Hello There Sam! I really appreciate the time you take to answer those questions. I have a question concerning Mark chapter 16 and the part beyond verse 8. I know that Mark is supposed to be the earliest of the 4 gospels and that it was the basis for writing the other 2; Matthew and Luke, because John had a separate source. But it being the closest, chronologically, to time of the incidents of the crucifixion and the resurrection, and lacking this important part about the post-resurrection appearances, makes you wonder. The earliest and most reliable maniscripts of Mark do not contain verses 9-20 and it’s not even included till the 4th Century. And also, the internal literary evidence doesn’t support the case for Mark being the author of those verses. So, yes, there’ s Paul’s 1 Chorinthians 15 account and it’s not a contradictory element for the truth of resurrection but still why would Mark leave out such important details of a story? I mean, if that’ s not the climax of his biography, then what is?!
Thank you so much for this question, Sarai! Its really interesting and I’d never thought to ask it before.
You’re right in all that you say about Mark being regarded as the earliest of the gospels and the second half of Mark 16 not being believed to have been part of his original gospel. I’m sure the very conspicuous absence of the resurrection appearances and the somewhat “flat” ending of the women in v.8 were what first led someone to append a “better” ending to the gospel.
Mark is the shortest of the four gospels, so that means there are so many things he has left out. His has nothing about the birth and childhood of Jesus. Given how significant Christmas is for us, that is also (along with the resurrection appearances) a huge section of Christ’s life and ministry to omit.
So Mark’s aim is clearly narrower than simply giving a full overview of Jesus’ whole life. His aims are more specific. At the start of the gospel he announces his conclusion: that Jesus of Nazareth is the Christ, and the Son of God. These two affirmations form the structure of his gospel, the first half climaxing with Peter’s exclamation that Jesus is the Christ in ch 8, and the Roman centurion’s exclamation that he was the Son of God in ch 15. With those two exclamations Mark has concluded the main business of his gospel; the account of the resurrection in the first part of ch 16 rounds it off by showing how, as the Christ and Son of God, Jesus has defeated death and will launch his church through the disciples.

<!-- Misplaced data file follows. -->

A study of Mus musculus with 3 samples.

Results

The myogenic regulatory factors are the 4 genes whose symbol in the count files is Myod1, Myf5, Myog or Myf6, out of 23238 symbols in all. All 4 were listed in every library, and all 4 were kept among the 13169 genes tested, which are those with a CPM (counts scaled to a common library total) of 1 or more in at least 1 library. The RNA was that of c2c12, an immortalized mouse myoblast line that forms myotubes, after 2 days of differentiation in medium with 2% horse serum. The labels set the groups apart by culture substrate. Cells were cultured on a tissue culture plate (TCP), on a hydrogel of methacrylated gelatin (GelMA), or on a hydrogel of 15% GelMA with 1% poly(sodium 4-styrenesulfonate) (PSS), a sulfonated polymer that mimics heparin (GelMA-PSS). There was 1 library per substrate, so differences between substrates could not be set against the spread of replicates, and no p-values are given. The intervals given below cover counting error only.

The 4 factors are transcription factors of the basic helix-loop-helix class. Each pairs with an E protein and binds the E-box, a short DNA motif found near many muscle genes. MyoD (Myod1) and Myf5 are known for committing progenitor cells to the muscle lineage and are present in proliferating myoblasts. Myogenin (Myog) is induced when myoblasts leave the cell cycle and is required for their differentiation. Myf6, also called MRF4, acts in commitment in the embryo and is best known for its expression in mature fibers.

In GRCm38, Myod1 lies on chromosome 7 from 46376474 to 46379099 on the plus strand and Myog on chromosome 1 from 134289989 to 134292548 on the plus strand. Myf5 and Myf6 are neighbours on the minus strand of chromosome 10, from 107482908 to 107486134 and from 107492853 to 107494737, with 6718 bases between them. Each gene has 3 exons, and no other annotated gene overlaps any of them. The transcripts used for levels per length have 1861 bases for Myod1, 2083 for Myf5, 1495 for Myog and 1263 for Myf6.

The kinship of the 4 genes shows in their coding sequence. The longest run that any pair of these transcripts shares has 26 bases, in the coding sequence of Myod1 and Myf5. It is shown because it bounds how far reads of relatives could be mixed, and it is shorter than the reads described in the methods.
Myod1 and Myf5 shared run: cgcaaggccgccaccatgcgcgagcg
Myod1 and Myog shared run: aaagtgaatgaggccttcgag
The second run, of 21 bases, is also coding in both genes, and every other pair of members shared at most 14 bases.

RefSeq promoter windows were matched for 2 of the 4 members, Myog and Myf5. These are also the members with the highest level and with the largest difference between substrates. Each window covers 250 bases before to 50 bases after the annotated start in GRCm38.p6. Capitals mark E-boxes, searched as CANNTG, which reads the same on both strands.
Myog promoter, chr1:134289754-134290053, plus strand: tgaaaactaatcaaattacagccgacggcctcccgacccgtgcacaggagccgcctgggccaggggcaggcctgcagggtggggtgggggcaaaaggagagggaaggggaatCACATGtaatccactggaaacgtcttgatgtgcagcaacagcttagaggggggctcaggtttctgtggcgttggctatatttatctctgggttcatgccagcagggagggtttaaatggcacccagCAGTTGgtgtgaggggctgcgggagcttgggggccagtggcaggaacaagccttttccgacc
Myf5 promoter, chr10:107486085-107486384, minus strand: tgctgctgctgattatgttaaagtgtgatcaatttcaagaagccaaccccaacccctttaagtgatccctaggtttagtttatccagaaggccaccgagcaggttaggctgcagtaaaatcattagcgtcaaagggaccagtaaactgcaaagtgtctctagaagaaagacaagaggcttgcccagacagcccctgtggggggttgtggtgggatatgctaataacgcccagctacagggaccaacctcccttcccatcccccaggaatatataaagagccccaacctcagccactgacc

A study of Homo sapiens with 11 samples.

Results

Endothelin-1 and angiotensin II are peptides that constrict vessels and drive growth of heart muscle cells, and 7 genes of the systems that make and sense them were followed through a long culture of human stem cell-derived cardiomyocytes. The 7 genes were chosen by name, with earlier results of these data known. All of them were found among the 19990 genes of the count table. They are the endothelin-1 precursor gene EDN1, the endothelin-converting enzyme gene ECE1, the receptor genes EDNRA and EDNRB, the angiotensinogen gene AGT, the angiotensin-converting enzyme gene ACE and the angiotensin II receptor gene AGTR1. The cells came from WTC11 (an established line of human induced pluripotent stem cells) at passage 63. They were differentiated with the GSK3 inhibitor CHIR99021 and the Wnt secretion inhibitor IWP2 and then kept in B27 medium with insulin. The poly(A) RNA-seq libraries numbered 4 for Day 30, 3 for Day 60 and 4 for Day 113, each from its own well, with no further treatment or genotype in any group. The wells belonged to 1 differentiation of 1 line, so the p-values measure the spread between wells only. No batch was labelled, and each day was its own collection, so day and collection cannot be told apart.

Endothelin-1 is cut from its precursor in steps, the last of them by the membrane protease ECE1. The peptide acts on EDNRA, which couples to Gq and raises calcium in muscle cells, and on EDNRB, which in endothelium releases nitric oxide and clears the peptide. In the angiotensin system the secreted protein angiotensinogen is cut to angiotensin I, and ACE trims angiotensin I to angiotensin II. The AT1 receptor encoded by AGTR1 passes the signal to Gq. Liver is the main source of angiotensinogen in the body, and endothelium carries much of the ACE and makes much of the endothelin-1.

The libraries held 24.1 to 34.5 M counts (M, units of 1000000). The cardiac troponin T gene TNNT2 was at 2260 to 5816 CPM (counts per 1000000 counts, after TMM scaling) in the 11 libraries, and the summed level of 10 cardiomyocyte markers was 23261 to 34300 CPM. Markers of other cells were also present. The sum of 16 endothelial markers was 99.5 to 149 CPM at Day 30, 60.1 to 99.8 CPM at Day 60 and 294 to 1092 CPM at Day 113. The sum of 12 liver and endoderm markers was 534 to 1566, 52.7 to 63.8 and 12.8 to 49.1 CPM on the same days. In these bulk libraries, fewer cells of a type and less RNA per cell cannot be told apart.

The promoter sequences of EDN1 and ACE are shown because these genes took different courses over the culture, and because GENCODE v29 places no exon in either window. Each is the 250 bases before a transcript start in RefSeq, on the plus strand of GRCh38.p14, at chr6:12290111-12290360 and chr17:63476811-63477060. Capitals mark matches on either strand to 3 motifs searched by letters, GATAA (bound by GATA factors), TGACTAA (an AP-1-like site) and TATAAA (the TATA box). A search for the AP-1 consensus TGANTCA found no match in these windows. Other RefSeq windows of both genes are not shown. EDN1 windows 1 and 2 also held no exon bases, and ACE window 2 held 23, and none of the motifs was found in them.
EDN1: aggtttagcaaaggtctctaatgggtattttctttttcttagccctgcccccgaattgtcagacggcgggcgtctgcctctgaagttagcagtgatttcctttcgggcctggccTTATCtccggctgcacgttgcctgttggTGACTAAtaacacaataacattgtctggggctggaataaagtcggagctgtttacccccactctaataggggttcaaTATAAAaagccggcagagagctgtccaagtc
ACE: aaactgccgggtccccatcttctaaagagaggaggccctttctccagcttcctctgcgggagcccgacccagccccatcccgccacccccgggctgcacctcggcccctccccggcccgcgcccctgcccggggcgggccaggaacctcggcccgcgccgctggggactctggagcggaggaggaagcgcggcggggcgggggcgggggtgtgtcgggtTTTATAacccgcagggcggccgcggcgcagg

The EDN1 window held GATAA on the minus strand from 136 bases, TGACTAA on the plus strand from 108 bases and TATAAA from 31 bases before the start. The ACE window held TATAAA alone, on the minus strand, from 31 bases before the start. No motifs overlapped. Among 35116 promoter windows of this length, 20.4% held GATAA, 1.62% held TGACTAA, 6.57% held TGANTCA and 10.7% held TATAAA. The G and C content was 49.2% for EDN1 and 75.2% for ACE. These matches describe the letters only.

Throughout his gospel Mark has shown the lowliness of Jesus and the depth of his sufferings. He has majored on the disciples’ slowness to understand who he was. It is a very unflattering account of the first believers (which actually proves its credibility as a historical source). So it is not tonally inconsistent to end with the women fleeing and astonished. We end on a note of human weakness and uncertainty, and yet this only underlines divine strength and faithfulness. That this final scene is how the Christian church began is really telling. Mark is thought to have been written to believers in Rome, likely facing some of the vicious rounds of Imperial persecution. So the gospel had already penetrated Rome of all places. And yet it had such improbably and unlikely beginnings. Which I am sure would have been a massive encouragement to those very powerless Christians in Rome, wondering what might be happening to the cause of Christ in their own day.
Either way, Mark seems content to leave some of these larger pieces of the Jesus story to others to tell. Perhaps he was somehow aware that his gospel would not be the only account.